Scientists have no idea what made this huge hole on Mars
A HUGE, deep depression on Mars has left astronomers baffled.
It was discovered by NASA's Mars Reconnaissance Orbiter, which has been studying the Martian surface for 11 years.
The vast pit, estimated to be hundreds of feet across and surrounded by frozen carbon dioxide, is located on the south pole of Mars - sticking out among the Swiss-cheese terrain of Earth's closest neighbour.
"This pattern is created when there is relatively high, smooth material that is broken up into these circular-shaped depressions forming the 'Swiss cheese' terrain," NASA explained.
"The depressions are thought to be caused by sublimation, which is when a material goes directly from a solid to a gas phase.
"Repeated images are taken of areas like this so the changes in depression size and where they form can be monitored through the seasons."
While people might be quick to suggest alien life, meteorite impacts, collapsing lava tubes and ancient floods are all responsible for holes formed on Mars.
As it is currently summer for Mars' South Pole, the subtle features of the hole pop right out because the sun is much lower in the sky to accentuate shadows over the landscape.
The depression was discovered by the orbiter's High Resolution Imaging Science Experiment, or HiRISE camera, which allows NASA to see Martian objects larger than one metre from about 200 to 400 kilometres above.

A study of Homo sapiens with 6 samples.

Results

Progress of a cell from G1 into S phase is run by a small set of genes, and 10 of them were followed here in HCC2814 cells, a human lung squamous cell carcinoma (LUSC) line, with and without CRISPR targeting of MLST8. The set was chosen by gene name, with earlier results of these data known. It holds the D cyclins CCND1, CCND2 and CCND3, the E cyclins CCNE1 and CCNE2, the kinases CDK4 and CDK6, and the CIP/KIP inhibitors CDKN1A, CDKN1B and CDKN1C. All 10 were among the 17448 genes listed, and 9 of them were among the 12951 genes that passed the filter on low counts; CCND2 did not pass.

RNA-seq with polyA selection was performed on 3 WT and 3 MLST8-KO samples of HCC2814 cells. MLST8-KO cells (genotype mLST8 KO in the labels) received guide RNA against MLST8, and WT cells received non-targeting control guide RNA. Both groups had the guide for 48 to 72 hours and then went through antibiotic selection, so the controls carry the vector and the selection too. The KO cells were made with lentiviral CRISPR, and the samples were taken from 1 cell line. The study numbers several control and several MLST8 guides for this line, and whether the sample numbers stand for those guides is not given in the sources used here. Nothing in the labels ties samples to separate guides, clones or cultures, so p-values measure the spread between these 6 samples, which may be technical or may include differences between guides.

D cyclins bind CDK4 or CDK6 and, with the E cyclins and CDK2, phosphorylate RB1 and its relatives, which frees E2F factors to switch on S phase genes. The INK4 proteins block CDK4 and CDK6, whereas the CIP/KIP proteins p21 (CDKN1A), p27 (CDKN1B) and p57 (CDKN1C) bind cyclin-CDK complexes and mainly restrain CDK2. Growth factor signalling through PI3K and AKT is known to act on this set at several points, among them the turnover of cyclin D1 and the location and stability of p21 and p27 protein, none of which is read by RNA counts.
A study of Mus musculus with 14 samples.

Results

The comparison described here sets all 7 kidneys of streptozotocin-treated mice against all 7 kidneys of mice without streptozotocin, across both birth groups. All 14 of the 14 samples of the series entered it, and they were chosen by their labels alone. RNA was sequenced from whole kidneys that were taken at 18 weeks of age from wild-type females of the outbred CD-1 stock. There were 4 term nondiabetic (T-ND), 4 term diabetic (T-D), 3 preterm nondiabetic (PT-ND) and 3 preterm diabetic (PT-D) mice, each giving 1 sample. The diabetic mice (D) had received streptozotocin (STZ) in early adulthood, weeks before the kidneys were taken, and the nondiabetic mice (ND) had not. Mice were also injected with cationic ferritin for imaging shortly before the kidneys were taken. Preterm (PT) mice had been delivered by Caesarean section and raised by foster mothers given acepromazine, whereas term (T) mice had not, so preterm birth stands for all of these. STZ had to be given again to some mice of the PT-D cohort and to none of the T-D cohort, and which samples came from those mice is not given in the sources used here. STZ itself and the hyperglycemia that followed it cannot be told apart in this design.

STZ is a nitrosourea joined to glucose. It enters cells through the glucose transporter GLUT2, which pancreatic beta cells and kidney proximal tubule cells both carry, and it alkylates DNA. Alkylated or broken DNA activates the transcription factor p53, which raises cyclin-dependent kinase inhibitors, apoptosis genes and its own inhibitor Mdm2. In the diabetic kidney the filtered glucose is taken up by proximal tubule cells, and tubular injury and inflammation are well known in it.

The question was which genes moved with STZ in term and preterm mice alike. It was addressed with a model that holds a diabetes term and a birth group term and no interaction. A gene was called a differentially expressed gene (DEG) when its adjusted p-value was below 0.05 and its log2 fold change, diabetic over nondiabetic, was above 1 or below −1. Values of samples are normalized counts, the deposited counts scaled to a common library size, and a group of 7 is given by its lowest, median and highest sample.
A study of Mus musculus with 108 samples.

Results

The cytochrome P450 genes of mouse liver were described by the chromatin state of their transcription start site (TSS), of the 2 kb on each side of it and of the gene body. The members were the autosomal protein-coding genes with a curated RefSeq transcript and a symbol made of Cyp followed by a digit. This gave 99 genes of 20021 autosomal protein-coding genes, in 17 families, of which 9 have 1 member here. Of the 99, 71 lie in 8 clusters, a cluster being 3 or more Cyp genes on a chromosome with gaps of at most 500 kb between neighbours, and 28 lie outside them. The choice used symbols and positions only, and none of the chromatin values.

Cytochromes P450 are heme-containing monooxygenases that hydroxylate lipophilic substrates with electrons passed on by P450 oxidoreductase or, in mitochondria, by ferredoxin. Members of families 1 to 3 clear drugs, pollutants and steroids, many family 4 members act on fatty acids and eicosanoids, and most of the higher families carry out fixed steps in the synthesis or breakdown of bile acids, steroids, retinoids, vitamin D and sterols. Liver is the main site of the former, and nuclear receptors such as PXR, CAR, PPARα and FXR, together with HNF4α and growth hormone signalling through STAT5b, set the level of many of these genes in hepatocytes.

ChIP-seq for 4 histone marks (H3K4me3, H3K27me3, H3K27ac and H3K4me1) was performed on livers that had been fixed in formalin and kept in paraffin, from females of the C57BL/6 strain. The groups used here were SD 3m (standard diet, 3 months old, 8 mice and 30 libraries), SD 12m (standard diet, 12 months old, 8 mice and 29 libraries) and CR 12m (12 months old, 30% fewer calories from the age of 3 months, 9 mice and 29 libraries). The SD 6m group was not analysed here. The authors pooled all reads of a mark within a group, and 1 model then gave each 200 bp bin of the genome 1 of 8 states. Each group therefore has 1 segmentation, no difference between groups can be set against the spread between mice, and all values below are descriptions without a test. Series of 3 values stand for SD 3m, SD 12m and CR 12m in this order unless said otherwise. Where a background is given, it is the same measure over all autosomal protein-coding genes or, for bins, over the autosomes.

The camera takes repeated images throughout Mars' seasons to monitor the terrain's changes.
NASA's MRO has been in Martian orbit since March 2006 and has successfully completed all of its primary goals, plus two mission extensions.
Earlier this year, NASA's Mars Atmosphere and Volatile Evolution (MAVEN) orbiter has spotted iron, magnesium and sodium ions - electrically charged atoms - high up in the Red Planet's atmosphere.
"MAVEN has made the first direct detection of the permanent presence of metal ions in the ionosphere of a planet other than Earth," study lead author Joseph Grebowsky, of NASA's Goddard Space Flight Center in Greenbelt, Maryland, said in a statement at the time.
"Because metallic ions have long lifetimes and are transported far from their region of origin by neutral winds and electric fields, they can be used to infer motion in the ionosphere, similar to the way we use a lofted leaf to reveal which way the wind is blowing."
As Earth has a strong global magnetic field and Mars does not, the ions behave differently from the metal swirling on our planet.
Mr Grebowsky said studying the two different systems will offer scientists a better understaning of dust impacts and atmospheric dynamics throughout the solar system.
"Observing metal ions on another planet gives us something to compare and contrast with Earth to understand the ionosphere and atmospheric chemistry better," he said.